Iowa GOP Gov. Kim Reynolds has done what Ohio GOP Gov. John Kasich won't do: signed into law a ridiculously unconstitutional "fetal heartbeat" abortion ban that will eliminate more than 90% of abortion procedures and will immediately be challenged in court. Maureen Shaw explains:
Dubbed the “heartbeat bill,” the law will prohibit doctors from providing abortion care once a fetal heartbeat is detected. But heartbeats can be detected as early as six weeks after gestation (i.e., six weeks after a pregnant person’s last period began). Given that many women don’t learn they are pregnant until after that benchmark, Iowa's law effectively makes abortion illegal while depriving women of their bodily autonomy.
Indeed, women typically don’t find out they are pregnant until they are, on average, five to seven weeks along (for a number of reasons). The science is clear on this issue but I also know it to be true from personal experience. In my early 20s, I didn’t suspect I was pregnant until I was seven weeks along. I then had to make an appointment with my OB-GYN to confirm the pregnancy and get a referral for abortion care. Just that one appointment delayed my abortion by a week, putting me at 8 weeks gestation. By Iowa’s standards, I would have been ruled ineligible and deprived of a chance to choose the best option for my health and the health of my family.
According to the Iowa Department of Public Health, of the 3,722 abortions performed in the state in 2016, only 347, or 9 percent of them occurred before six weeks of pregnancy. Based on these numbers, the heartbeat bill will potentially force pregnancy upon the vast majority of pregnant women in Iowa who do not want to have a child.
Previous to this bill being signed, Iowa already imposed numerous restrictions on abortion. According to the Guttmacher Institute, abortions after 20 weeks gestation are banned in the state unless the woman’s life is endangered, and public funding is available for abortion only in cases of life endangerment, rape, incest or fetal anomaly. The governor must approve each Medicaid-funded abortion. Women are also forced to undergo an ultrasound prior to obtaining an abortion, and a pregnant minors’ parent or parents must be notified before the procedure can be performed.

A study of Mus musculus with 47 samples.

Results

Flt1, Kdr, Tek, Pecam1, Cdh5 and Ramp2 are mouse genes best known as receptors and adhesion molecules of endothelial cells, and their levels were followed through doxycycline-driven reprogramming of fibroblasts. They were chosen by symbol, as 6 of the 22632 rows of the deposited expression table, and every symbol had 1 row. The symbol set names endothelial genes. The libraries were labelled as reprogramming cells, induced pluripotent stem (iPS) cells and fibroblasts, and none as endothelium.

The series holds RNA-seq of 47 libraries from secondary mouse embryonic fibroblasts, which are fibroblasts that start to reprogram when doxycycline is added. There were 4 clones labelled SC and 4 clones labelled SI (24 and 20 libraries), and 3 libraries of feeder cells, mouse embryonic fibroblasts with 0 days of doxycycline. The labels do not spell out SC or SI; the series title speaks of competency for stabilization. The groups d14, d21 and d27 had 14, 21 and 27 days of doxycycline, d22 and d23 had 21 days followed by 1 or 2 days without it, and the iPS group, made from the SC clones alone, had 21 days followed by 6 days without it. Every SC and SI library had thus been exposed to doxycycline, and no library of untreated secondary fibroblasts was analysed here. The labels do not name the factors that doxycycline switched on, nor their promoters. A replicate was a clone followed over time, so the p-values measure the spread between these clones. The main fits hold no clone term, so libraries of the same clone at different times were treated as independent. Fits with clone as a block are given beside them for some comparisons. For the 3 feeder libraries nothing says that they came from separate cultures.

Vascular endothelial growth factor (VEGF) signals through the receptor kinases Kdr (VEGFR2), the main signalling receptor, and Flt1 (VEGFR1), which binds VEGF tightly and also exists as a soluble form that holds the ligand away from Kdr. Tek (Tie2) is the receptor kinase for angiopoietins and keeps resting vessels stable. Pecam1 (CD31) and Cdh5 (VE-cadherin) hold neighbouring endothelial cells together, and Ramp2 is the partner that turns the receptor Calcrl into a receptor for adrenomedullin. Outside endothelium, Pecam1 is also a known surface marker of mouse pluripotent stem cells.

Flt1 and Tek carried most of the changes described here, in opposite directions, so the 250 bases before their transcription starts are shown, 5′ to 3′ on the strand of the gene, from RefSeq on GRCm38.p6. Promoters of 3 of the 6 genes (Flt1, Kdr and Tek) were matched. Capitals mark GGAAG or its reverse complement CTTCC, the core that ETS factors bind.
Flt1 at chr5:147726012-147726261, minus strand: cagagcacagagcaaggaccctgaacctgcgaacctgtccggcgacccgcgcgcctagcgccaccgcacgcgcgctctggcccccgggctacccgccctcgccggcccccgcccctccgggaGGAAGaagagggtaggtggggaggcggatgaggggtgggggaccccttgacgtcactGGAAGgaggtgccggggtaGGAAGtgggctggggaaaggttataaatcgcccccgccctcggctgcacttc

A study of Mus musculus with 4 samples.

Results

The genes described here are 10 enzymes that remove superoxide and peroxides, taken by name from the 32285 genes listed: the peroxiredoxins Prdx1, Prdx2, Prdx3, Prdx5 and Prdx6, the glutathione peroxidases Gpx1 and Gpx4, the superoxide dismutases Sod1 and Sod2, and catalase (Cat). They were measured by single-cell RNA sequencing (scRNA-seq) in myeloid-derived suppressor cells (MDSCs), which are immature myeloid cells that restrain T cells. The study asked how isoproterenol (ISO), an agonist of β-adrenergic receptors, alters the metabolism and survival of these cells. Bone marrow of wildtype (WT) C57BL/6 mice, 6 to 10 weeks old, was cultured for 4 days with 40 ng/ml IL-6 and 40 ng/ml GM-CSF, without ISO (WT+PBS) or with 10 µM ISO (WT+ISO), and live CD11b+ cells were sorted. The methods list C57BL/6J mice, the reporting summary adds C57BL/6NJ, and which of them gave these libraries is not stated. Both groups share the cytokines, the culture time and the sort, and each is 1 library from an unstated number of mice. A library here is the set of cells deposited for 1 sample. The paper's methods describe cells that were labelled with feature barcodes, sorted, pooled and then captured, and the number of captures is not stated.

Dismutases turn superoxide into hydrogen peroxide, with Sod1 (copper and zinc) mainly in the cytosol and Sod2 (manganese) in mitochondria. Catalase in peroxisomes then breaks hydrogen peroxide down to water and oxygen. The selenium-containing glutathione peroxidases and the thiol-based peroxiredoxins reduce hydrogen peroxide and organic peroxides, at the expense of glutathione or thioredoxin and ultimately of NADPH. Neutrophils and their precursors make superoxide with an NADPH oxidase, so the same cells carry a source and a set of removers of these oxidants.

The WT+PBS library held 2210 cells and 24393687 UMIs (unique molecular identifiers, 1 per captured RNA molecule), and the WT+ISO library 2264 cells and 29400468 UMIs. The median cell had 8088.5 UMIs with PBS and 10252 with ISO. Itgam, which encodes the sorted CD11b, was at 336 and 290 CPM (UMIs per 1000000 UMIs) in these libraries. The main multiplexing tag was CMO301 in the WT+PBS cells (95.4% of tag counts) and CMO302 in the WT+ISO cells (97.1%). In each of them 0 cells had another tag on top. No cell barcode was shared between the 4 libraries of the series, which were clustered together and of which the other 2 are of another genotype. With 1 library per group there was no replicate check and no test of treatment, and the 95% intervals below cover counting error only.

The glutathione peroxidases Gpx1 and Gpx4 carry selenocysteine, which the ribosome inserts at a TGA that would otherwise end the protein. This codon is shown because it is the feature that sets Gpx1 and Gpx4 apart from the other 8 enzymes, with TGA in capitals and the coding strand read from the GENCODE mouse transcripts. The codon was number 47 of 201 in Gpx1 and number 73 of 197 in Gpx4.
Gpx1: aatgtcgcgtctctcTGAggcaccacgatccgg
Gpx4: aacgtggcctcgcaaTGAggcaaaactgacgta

In this context, Iowa’s heartbeat bill isn’t entirely unexpected. But it is unlikely to go into effect in light of judicial precedent. Federal courts have already thwarted similar attempts to ban abortions in Ohio, North Dakota and elsewhere.
So what’s the endgame here? As Robyn Marty has previously noted: “Anti-abortion groups no longer fear that the Supreme Court, given its current and future mix of justices, will uphold Roe if another case makes its way there.” In other words, they’re attempting to use this bill as a test case to get the issue in front of the Supreme Court, where they hope a post-Trump court will gut abortion rights nationwide.
Indeed, state Sen. Rick Bertrand (R-Sioux City) publicly declared as much during the bill’s floor debate: "Today we will begin this journey as Iowa becomes ground zero nationally for the life movement and the starting line back to the Supreme Court. I believe this bill will be the vehicle that will ultimately provide change and provide the opportunity to overturn Roe v. Wade."
Bertrand’s “opportunity” is a dystopian nightmare for women. Imposing such a punitive law would decimate women’s self-determination by eliminating the ability to plan their families. And make no mistake: low-income and financially overburdened women have been shown to suffer the brunt of other, similar abortion bans (as those with financial resources are better able to travel out of state to seek abortion care).
We're one new Trump-appointed justice away from losing essentially every court-based civil rights, reproductive rights, and equality-based protection gained in the last 60 years. The clock is not on our side, and if Trump gets re-elected, the game is essentially over.
I'm not sure what it's going to take in order to get people to realize this, but we're already well on the road to things being far too late.